Claudio Tebaldi

I have been an Associate Professor at Bocconi University since 2011. I have held the National Qualification to Full Professorship in Quantitative Methods for Economics, Finance, and Insurance since 2015. I have received international prizes for my research: Best Paper in Derivatives for the NFA 2019 and the Best Paper of the Swiss Econometrics and Finance Society meeting 2007. I serve as Managing Editor the journal Quantitative Finance. I have been invited by and visit on a regular basis many private and public research and policy institutions including UCLA, NYU, NORDITA, the University of Copenhagen, the Federal Reserve Board, ECB Deutsche Bundesbank, EC Directorate for Financial Affairs, and Bloomberg.

Associate Professor
Scientific Director - Bocconi Algorand Fintech Lab

My research interests are interdisciplinary. In the area of financial economics, they are mainly focused on assets, derivative pricing, and risk management. In the area of mathematical and physical sciences, my research is focused on complexity theory and collective phenomena. You might wonder what these topics have in common: adoption of new information technologies is reshaping the economy and the behavior of financial markets is becoming more and more similar to that of the ‘complex systems’ we observe in nature. The goal of my research is twofold: first, showing that properly framed, simple economic principles produce a credible description of these collective outcomes. Second, identifying robust and efficient decision rules and regulation approaches relying on advanced statistical methods (e.g., machine learning or big data analysis) to help individuals facing this risky environment.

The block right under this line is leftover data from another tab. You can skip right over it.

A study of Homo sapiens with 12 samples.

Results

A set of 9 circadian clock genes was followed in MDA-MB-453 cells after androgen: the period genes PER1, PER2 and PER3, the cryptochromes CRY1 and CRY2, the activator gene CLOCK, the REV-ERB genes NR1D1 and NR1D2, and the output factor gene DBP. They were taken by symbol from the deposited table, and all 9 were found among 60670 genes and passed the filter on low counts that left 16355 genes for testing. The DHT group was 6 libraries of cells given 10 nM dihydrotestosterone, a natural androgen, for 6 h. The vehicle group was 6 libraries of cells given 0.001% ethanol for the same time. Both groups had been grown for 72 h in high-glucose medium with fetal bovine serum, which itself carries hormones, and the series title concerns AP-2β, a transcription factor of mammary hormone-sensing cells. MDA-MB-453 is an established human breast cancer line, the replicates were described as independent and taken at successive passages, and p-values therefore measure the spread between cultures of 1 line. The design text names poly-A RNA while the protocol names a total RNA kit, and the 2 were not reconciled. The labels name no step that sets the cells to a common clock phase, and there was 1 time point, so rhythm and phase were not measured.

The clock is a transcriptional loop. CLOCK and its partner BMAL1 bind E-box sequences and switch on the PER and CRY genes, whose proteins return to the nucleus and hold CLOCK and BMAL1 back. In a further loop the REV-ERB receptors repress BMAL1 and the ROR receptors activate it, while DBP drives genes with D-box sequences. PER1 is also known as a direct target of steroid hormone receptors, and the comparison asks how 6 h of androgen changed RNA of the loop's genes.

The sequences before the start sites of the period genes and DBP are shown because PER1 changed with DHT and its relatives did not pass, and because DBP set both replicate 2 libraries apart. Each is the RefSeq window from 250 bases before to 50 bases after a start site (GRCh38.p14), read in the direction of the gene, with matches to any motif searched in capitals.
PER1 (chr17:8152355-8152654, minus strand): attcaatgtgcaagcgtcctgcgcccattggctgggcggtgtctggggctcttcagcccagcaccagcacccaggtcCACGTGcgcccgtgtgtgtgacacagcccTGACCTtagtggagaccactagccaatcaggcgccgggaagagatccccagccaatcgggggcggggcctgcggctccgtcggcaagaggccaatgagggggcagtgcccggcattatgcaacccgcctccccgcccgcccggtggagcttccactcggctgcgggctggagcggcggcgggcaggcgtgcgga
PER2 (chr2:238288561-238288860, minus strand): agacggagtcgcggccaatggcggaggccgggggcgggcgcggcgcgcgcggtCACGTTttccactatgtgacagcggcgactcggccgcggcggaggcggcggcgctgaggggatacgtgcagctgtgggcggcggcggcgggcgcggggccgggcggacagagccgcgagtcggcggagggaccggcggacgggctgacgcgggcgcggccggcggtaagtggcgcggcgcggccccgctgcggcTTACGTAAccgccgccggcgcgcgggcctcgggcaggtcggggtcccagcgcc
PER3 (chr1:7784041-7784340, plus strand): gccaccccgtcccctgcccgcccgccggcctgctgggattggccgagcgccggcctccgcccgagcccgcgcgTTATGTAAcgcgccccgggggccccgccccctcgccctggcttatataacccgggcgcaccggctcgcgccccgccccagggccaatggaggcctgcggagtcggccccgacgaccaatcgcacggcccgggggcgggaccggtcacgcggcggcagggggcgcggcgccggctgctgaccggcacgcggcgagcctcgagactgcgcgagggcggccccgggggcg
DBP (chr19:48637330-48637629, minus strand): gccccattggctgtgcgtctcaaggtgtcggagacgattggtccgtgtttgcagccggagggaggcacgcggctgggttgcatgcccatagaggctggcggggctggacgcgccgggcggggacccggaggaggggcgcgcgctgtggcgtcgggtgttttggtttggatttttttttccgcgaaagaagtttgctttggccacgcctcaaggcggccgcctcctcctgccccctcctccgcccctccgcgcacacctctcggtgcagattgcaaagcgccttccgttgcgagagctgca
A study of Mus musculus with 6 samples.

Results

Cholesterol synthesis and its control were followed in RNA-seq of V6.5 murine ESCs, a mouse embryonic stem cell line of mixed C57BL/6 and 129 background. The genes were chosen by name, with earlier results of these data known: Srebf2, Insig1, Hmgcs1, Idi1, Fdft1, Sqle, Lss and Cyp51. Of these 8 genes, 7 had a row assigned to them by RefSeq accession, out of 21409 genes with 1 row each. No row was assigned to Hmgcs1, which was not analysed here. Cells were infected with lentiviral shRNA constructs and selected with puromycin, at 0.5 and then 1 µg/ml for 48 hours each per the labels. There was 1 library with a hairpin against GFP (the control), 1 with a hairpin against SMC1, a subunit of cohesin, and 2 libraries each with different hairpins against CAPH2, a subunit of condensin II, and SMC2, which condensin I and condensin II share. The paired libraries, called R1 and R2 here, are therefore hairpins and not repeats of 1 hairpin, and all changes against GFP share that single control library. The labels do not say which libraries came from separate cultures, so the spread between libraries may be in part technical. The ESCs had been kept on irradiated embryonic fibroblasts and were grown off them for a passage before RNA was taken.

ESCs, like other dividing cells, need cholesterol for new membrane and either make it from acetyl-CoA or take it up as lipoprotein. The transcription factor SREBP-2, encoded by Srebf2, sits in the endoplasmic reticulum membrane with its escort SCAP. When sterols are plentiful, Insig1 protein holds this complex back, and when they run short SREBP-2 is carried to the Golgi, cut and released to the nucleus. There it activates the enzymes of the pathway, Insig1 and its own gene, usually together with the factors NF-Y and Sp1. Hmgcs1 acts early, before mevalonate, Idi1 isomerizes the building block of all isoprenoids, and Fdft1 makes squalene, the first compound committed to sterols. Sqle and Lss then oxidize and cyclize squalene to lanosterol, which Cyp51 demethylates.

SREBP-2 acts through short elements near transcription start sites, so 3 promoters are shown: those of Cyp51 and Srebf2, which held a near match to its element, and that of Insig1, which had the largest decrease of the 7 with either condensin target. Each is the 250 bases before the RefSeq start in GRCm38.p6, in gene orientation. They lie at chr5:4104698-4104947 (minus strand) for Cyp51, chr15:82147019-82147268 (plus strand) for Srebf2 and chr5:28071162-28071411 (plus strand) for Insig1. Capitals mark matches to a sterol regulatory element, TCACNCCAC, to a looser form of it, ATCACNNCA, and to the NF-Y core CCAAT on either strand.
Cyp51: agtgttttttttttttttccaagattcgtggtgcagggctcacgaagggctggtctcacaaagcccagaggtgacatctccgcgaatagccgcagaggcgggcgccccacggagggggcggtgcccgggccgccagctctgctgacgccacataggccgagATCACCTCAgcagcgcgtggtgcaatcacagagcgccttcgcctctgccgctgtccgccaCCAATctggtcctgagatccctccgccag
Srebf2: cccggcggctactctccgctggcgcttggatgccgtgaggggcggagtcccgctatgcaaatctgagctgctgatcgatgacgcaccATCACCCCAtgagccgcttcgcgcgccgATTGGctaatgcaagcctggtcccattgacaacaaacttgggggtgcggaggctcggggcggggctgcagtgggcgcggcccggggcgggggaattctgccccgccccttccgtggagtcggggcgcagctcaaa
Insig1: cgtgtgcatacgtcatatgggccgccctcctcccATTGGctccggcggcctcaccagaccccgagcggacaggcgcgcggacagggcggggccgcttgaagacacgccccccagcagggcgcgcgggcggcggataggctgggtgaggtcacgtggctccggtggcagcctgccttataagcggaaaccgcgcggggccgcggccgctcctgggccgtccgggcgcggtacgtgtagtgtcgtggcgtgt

Working papers
Selected Publications

Most of my teaching activities are within courses of quantitative methods for finance and economics. My classes are populated by international students with very diverse cultural backgrounds, ranging from young, highly proficient STEM students to expert business executives. Active participation is the key for a successful learning experience, so during my classes I promote and incentivize discussion and interaction. I see the whole education process as a sequence of focused problem-solving activities. I rely heavily on information technology to ease the hurdles created by quantitative methods. When possible, I try to keep my teaching well aligned with the international research agenda.